Review: HBO Documentary, ‘My Depression’

There is nothing unusual about the occasional bout of depression. A death in the family, the loss of a beloved pet, the stress of a job or just life in general can sometimes leave you feeling gloomy. When depression appears to take on a life of its own and makes every day a struggle, leaving you questioning whether or not you can go on for one more day, then it’s time to seek therapy and get some medical help. The stigma associated with depression makes sufferers reluctant to admit their condition, let alone seek treatment. Is there a way to get the message across in a manner that will take away that stigma and examine the reality?

An animated depiction of depression?

My Depression (The Up and Down and Up of It), co-directed by writer and composer Elizabeth Swados, is a highly entertaining and informative animated HBO documentary detailing the struggles and successes that come with living with and dealing with depression. The songs are catchy, the iconic performers providing the dialogue and performing the musical numbers (especially Steve Buscemi in The Suicide Bus and Sigourney Weaver as the title character, Elizabeth Swados) are excellent in their roles. It’s bright, flashy, catchy and visual, but does it paint the right picture of depression and how it can be treated?

The black cloud

The title character envisions depression as a black cloud that hangs over her head. Despite success and all her accomplishments, this cloud follows Swados everywhere. The people around her use the usual negative cliches and judgments, telling her to snap out of it, to “stop being so self indulgent,” which leads – as it does in many cases – to her feeling shame and hate and developing a self-stigma. She finally feels that she can’t climb out from under that cloud (can’t recover) and she feels as though it’s her fault, so why bother trying? She takes to her bed and gives up, feeling that she is doomed. As Buscemi sings, it can lead you on the roller coaster up and down to the “suicide bus.”

Depression takes different forms for different people

This is Swados’ personal experience with depression and its symptoms. Experiences vary between sufferers as well as throughout different periods during an individual’s life. As she wanders throughout the aisles of the “world’s gloomiest supermarket,” Swados sees shelves lined with depression ingredients such as “Anxiety,” “Misery” and, of course “Shame.”  This accurately depicts how psychologists and psychiatrists are now trying to individualize treatment for each person, rather than lump them all as simply suffering from depression and treating it as such. Instead, therapists try to help individuals back to once more being well, with less chance of relapse.

Making it real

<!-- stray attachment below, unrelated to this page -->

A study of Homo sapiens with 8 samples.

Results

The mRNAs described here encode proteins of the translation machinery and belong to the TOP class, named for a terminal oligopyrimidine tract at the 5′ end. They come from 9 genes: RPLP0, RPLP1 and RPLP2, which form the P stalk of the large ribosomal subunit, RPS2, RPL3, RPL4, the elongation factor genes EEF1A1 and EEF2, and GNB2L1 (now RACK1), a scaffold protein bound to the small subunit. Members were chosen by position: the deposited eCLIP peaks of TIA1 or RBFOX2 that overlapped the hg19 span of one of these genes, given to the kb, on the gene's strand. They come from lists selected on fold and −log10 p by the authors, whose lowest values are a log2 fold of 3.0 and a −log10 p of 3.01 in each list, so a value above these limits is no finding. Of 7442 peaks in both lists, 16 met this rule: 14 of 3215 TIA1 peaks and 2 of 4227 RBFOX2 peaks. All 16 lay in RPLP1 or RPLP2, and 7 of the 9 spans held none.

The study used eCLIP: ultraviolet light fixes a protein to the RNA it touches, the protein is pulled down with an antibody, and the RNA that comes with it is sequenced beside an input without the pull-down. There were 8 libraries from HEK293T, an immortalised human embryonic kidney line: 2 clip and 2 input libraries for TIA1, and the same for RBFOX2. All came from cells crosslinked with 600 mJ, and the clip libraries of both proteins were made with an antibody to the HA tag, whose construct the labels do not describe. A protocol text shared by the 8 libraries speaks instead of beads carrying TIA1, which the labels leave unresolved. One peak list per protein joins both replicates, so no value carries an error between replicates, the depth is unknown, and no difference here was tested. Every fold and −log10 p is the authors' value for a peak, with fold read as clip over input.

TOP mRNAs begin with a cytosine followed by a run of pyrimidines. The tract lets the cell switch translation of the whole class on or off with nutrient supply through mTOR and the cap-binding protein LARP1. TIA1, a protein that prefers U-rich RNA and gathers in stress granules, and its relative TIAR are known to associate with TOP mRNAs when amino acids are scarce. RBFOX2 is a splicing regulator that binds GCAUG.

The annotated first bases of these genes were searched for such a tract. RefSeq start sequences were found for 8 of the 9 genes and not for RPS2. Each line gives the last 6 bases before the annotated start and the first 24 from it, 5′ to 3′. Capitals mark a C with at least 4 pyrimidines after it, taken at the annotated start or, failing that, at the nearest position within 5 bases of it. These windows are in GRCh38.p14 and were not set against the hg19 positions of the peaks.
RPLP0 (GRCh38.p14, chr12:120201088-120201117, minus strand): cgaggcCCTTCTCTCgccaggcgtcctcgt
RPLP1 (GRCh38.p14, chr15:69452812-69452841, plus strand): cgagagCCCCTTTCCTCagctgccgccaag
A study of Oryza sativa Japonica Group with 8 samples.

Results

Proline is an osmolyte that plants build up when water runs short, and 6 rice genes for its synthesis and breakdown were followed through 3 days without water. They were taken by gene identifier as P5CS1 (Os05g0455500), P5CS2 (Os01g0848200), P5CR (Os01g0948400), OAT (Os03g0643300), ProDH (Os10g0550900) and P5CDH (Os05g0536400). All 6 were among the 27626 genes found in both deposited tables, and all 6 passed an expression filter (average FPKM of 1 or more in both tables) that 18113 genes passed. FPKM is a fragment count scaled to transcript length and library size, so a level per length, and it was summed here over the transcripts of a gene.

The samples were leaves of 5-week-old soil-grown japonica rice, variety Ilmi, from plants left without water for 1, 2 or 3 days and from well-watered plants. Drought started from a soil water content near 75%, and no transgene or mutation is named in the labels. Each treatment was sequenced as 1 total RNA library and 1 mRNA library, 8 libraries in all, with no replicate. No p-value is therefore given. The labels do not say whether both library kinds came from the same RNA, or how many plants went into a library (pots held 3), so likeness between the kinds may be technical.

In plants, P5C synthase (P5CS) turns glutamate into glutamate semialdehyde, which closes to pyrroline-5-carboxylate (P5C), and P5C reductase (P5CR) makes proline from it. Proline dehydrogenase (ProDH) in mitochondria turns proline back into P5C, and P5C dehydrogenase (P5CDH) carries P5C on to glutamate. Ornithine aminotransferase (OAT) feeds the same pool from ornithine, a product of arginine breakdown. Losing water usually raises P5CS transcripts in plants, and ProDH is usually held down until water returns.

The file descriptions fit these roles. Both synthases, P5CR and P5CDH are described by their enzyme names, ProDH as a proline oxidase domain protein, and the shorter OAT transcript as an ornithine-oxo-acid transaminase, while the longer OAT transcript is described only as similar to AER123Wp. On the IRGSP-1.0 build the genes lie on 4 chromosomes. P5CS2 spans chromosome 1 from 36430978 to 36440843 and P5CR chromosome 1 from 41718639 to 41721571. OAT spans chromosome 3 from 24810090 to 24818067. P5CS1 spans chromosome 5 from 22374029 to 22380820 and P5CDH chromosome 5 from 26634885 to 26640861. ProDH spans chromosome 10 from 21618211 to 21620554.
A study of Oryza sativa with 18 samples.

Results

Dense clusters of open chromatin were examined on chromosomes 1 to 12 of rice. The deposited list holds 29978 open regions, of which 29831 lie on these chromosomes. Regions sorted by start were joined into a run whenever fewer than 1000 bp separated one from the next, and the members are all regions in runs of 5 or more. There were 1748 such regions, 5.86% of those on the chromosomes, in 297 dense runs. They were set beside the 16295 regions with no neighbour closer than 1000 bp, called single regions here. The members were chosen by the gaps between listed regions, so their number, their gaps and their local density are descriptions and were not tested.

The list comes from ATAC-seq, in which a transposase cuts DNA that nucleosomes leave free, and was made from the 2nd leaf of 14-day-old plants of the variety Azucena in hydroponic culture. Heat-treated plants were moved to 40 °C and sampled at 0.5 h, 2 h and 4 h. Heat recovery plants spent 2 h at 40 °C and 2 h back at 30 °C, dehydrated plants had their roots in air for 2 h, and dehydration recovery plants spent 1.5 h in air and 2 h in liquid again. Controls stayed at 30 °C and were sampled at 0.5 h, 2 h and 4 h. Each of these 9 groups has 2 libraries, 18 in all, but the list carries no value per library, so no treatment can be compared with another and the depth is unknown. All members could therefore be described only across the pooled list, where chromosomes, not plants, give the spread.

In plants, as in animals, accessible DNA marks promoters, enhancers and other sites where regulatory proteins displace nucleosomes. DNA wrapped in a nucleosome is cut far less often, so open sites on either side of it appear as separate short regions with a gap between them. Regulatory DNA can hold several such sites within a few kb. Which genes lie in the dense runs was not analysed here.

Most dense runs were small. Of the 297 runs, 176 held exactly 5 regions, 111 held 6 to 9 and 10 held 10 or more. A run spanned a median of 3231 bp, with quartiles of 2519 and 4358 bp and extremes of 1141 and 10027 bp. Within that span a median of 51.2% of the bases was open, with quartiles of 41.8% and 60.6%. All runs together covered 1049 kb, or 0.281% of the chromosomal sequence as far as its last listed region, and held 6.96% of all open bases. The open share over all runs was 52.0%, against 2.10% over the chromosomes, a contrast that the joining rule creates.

Real therapists treat real people with real problems, and everyone is different. This is one of the main themes running throughout this film. As entertaining as it is, it does release depression from the stigma to which it’s been attached by presenting it in a way that’s watchable for everyone. The title character’s struggles humanize the condition, and explain her feelings. While it’s a highly personal account, it also addresses the judgments of others and the way those attempting to treat this condition are sorting out the different types of depression and the different symptoms involved. The “dark cloud” approach may annoy some people who don’t understand, but this is really how she felt. She tries meditation, exercise, healthy eating and good habits, but she still needs more help.

Taking control

In order to beat depression you have to take control of it. You have to seek a therapist to help you, and he or she may well provide medication to help your individual struggle. The dark cloud in the film can be seen as both bad and good – a visual way to depict and understand what depression feels like every day to someone suffering from the condition while attempting to show that it is possible to climb out from under that cloud to seek help.

This focus toward the end on the fact that depression can be treated is very powerful, especially when Swados finally seeks out professional help. Seeking therapy is the turning point for her. “That’s why it is also important to find a good therapist who can teach you how to cope and work through life’s surprises.” Although the catchy song advocating drugs for treatment of a “hereditary condition” because of a “chemical imbalance” may be her personal experience, as stated before, each case is different. As even the doctor stated “……the drugs help but not all of us and not all of the time.”

For pure entertainment value – as well as utilizing current valid scientific theories presented throughout the film – this personal struggle is well worth watching. My Depression is very moving, powerful and well-made, documenting Swados’ attempt to overcome depression while featuring various stigmas and treatments. It gives hope that one truly can climb out from under that black cloud and, with help, achieve a normal life.